You cannot write about Astrid Lindgren’s plays without first telling the reader about the librarian, Elsa Olenius. She was a good friend of Hans Rabén at the publishing firm Rabén & Sjögren. In 1944, Astrid won second prize in their competition for writers of literature for girls, and Elsa was one of the jury members. She gave Astrid a few tips as to how she could improve the manuscript – and quick as a wink, the modifications were made. The very next day Astrid visited Elsa and handed over the new version. The two hit it off immediately and became friends for life.
Collaboration with “Our Theatre”
Elsa was working at promoting good children’s literature and culture, and had started up an amateur theatre for children, called Our Theatre. She asked Astrid to write some children’s plays for her to use. In 1946 Astrid wrote her first play for this theatre – a one-act criminal comedy. After that she continued writing plays for them, about Pippi Longstocking and Bill Bergson, Master Detective, amongst others. “Elsa turned me into a dramatist”, Astrid said.
You can maybe take stuff out – but you can’t put anything in!
Astrid’s plays for children were also published in book form, the first one of these in 1950. Many have had the desire to write their own dramatisations of Astrid Lindgren’s books. There are letters kept which Astrid herself has written to various producers and scriptwriters. They give you a very clear picture of how careful she was about what she would accept and what she would not. She wrote her books the way she wanted them and she wrote her plays so that they would be a reflection of the books.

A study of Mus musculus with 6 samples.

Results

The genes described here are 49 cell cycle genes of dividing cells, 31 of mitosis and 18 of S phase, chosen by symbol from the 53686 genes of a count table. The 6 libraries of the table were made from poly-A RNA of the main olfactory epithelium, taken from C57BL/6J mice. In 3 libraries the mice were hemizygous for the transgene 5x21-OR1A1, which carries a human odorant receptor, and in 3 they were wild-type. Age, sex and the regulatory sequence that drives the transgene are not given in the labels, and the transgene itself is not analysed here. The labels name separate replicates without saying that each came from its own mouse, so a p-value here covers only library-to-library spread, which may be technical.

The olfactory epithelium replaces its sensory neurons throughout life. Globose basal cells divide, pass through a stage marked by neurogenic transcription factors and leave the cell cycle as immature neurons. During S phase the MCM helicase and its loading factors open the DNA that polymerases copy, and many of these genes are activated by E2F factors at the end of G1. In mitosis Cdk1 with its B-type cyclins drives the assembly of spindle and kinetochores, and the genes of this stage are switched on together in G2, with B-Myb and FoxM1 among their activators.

She intensely disliked the idea that others would try to embroider upon her stories. “They take it as a starting-point for their own imagination and begin to develop the story further. But I think they should keep their hands off. They’re welcome to leave chunks out, but not add stuff that might change the character of the book.” After having sought expert advice from the manager of Stockholm’s Children’s Theatre, and after having seen countless performances of her own plays, Astrid was quite certain that she knew what she was talking about. Those who were not prepared to adhere to her rules were simply advised to cancel their projects.
Her plays are still popular everywhere
Astrid Lindgren’s plays are still being performed – in old and new dramatisations – the world over. Each year, approximately 200 theatres and drama groups stage productions of one or another of Astrid Lindgren’s plays. The most popular character of all is Pippi. Ronia comes a close second, although Emil is frequently played as well. The countries where Astrid Lindgren’s plays are performed the most are Sweden, Denmark, Germany, Norway and Finland.